This was the first time since the Cold War's end that the country changed its position at the center of Europe's critical balance, as if revisiting its hidden agenda over two decades later. Germany's changing priorities will entail major repercussions for Turkey's EU accession and the Union's general behavioral patterns including Russia's place in the European balance of powers. As an economic powerhouse, Germany is now faced with a decision whose consequences it still contemplates.
In recent days, Berlin reacted to the developments in Ukraine - also vital for Turkey - in an unconventional and stern manner. The Merkel administration's open challenge to Vladimir Putin's Russia represented a clear sign that Germany is gradually moving to a point where it will have to make a decision or simply reset. Surely enough, a surprising move from Germany regarding Turkey's EU membership would mark yet another strong indicator of such transformation.
This historic transformation might result in a new strategy for Germany and give up its objections to Turkey's EU membership. Berlin believes that Turkey would form ally with Britain in the anti-German front. Moreover, a stronger U.S. influence in Europe would challenge the balance of power while shifting the Union's center of gravity. From a German standpoint, Ankara remains an important player and a gateway to emerging markets that must be kept under control and outside the EU.
Germany is Turkey's leading trading partner on a global scale. The bilateral trade volume reaches $35-40 billion per year. Keeping in mind that trade volume was a meager $12 billion only a decade ago, the two countries seem to have made significant progress since.
Meanwhile, Germany recently lost its title as the world's largest exporter to China even though export-oriented growth remains vital to Berlin's plans. Meanwhile, the large Turkish diaspora in Germany gives Ankara considerable soft power even though their voices are seldom heard in Germany, where the government repressed the Turkish population - then known as guest workers - living in the country.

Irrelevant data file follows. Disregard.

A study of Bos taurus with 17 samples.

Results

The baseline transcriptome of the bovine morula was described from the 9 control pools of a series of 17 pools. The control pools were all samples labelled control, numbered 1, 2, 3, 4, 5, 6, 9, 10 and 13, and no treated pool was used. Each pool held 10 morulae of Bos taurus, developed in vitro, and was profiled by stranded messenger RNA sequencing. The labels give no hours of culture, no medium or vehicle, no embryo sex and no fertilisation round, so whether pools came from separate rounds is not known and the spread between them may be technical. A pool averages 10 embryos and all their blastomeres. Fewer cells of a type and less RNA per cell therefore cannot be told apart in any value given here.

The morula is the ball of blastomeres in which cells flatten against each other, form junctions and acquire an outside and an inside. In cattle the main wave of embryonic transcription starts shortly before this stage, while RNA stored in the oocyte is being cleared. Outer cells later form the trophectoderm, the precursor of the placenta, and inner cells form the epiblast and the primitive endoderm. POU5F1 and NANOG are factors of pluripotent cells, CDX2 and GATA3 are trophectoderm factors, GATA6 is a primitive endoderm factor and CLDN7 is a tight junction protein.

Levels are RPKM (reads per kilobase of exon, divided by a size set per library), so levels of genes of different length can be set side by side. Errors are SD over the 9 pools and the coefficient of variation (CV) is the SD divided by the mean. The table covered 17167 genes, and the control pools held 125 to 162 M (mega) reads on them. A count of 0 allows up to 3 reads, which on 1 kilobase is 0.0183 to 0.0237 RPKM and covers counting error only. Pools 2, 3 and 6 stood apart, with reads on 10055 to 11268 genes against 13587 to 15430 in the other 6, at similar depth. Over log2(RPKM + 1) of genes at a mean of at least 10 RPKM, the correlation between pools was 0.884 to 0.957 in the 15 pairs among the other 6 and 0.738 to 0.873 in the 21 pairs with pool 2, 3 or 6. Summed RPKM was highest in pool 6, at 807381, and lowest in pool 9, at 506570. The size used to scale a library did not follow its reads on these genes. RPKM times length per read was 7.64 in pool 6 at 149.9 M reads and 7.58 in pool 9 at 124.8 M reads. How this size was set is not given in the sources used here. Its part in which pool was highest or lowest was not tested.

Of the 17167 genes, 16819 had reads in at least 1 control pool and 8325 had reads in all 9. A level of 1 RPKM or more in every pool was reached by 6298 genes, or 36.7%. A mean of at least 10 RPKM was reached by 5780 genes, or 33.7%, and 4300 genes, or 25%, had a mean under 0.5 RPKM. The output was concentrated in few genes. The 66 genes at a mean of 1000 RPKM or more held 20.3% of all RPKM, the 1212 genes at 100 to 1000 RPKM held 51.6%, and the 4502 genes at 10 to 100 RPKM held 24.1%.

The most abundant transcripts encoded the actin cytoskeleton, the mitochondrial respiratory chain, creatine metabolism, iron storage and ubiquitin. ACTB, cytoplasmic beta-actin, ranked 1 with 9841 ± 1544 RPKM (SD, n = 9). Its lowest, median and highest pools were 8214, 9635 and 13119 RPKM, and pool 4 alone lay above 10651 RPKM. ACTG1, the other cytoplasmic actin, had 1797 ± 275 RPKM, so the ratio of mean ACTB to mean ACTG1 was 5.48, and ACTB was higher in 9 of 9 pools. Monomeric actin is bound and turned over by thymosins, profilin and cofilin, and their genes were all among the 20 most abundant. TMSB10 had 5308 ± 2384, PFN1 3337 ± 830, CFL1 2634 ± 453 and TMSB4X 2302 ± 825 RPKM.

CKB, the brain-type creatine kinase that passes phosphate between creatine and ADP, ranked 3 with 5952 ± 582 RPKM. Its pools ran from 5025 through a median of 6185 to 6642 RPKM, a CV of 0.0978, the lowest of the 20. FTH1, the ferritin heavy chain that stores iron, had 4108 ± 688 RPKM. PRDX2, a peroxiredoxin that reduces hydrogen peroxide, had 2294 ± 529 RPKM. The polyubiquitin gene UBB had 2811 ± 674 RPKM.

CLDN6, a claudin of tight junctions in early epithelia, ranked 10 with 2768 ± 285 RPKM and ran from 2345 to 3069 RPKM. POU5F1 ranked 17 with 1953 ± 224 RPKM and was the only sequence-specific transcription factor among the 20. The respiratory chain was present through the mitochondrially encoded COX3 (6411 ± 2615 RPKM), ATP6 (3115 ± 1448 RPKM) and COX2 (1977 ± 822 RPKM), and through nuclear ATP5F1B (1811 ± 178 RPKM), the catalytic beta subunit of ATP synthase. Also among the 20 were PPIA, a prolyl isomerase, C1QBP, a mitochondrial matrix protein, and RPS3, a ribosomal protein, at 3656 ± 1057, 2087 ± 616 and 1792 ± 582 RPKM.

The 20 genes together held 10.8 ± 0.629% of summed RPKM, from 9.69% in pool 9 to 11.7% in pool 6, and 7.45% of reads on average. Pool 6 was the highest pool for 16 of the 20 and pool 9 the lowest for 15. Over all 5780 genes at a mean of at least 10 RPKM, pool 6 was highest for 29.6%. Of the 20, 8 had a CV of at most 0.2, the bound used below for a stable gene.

Moreover, Germany imports 93 percent of its natural gas from Russia, a vast source of cheap labor for a total of 4,600 German enterprises. More significantly, Russia - currently Germany's largest trading partner with approximately 40 billion euros - represents a stepping stone to the Caucasus, the Caspian, Central Asia and Iran. In bilateral relations, energy remains Russia's most important trump card while German capital and technology might prove more relevant in the long run. In the end, by supporting Russia with technology and capital, Germany is only postponing Russia's demise. But in any case, Russian-German relations are crucial for world peace.
Lord Ismay once said that the NATO was established "to keep the Russians out, the Americans in and the Germans down." For the Atlantic world, keeping Europe safe from the USSR required a military alliance (i.e. NATO) and a cultural-economic union like the EU to promote prosperity and defeat the Soviets in Eastern Europe. The general dynamic structure of German economy as well as strong work ethics made the country a driving force behind the Union. This way, the country could exploit the power of the Deutsche Mark where panzers failed during bloody world wars. This socio-economic structure served German interests as planned. The European country could only be forced to keep the peace and kept away from its ambitions in an order that would primarily bring prosperity to the nation and then to the whole of Western Europe within the framework of a mutual dependency. Nowadays both Germany and the rest of Europe are going through a critical period in history.
Germany pioneered the European effort throughout the Union's history. Today, the country has the power to keep the EU in the world stage even though the Union gradually goes into decline in diplomacy and economy. Merkel should be asking herself: "Which of these scenarios promises Germany a brighter future: An aging EU - without Turkey - gradually losing its economic dynamism or an EU that embraces Turkey with its young and thriving population, a country that is part of not only Europe, but also Asia, the Middle East, the Mediterranean and the Black Sea, and expected to become the second largest economy of Europe after Germany by 2050?"
The European Union's keystones for next century and Germany's global mission will be achieved through Germany's relations with Turkey and Russia, and their visions for the future of Europe - not through left-over imperial ambitions from the 20th century.